Office: Waterbury Campus, Room 212
Phone: (203) 236-9850
Areas of Specialty
Social history of the French Reformation in the 16th and 17th centuries
Current Research Interests
Women and the French Reformed Church in the Early 17th Century: Interactions between women and the consistory in the town of Courthézon
Judith Meyer is from Detroit, Michigan. She received her B.A. in history with magna cum laude and Phi Beta Kappa honors from Lawrence University and her M.A. and Ph.D. in history from the University of Iowa. She received a Fulbright Fellowship to France to pursue her doctoral research. She began her teaching career at Smith College and taught at UConn-Stamford and Fairfield University before arriving at UConn-Waterbury in 1989. She resides in Fairfield, CT.
Reformation in La Rochelle: Tradition and Change in Early Modern France, 1500-1568. Geneva: Librairie Droz, 1996.
“Courthézon’s Pastors and the Ministry in a Changing Environment, 1617-1640,” in Didier Poton and Raymond A. Mentzer, eds., Agir pour l’Église, Ministères et charges ecclésiastiques dans les églises réformées (XVIe-XIXe siècles), Paris: Les Indes savantes, 2014, 111-130.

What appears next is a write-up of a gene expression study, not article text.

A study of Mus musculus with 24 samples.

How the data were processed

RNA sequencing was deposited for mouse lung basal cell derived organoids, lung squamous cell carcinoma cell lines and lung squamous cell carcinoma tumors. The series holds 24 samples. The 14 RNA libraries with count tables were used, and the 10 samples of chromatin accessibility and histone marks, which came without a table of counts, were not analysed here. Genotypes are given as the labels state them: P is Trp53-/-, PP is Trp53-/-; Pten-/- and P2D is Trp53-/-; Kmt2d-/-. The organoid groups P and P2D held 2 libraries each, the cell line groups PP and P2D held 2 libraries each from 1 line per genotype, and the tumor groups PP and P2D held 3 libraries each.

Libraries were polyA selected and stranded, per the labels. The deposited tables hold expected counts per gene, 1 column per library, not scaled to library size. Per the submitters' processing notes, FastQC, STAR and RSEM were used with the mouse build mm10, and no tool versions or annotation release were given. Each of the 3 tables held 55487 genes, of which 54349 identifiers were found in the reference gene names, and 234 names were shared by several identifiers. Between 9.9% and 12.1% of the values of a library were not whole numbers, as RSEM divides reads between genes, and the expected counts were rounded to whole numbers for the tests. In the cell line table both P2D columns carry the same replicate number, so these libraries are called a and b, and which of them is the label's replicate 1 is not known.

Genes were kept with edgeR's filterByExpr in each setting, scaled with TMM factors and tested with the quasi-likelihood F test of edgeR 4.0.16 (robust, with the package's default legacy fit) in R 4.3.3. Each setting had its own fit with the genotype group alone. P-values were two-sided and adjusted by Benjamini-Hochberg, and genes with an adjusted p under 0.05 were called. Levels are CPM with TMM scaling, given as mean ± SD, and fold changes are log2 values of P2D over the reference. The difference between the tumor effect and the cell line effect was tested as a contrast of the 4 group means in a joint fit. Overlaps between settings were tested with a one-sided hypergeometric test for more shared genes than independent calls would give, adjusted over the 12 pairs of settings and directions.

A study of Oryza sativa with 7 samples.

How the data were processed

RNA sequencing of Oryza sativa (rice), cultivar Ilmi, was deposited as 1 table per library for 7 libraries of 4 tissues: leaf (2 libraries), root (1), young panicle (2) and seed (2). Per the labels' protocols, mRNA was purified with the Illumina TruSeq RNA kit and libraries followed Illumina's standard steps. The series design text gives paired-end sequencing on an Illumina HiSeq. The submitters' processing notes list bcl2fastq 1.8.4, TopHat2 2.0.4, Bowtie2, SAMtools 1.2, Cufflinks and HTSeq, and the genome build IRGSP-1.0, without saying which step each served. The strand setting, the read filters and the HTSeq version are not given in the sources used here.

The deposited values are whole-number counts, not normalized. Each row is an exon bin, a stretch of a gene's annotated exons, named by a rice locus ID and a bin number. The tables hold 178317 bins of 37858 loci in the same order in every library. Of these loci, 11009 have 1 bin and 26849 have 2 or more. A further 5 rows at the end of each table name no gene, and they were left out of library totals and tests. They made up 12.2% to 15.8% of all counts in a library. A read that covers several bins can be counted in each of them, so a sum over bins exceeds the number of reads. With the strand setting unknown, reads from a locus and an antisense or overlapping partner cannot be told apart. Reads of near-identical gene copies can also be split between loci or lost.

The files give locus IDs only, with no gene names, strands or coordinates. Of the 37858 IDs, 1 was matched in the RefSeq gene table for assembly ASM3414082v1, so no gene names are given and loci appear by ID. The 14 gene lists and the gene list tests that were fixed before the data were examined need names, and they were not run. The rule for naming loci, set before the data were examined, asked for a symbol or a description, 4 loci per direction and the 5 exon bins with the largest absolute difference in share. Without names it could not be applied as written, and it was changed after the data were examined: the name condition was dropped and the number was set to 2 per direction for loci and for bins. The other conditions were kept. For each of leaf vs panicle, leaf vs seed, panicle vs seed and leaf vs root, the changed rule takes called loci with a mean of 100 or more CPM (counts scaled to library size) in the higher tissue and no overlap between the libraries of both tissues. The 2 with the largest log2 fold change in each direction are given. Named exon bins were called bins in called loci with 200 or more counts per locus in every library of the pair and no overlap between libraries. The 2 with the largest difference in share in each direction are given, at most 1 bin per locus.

“On the Front Lines of Coexistence: Courthézon’s Consistory in the Early Seventeenth Century,” The Sixteenth Century Journal 43, no. 4 (2012): 1037-1060.
“La Rochelle.” Signed article in Hans J. Hillerbrand, editor-in-chief, Encyclopedia of the Reformation, New York: Oxford University Press, 1996, Vol. 2: 392-394.
“The Success of the French Reformation: The Case of La Rochelle,” Archiv für Reformationsgeschichte 84 (1993): 242-275.
“La Rochelle and the Failure of the French Reformation,” The Sixteenth Century Journal XV, No. 2 (Summer, 1984): 169-183.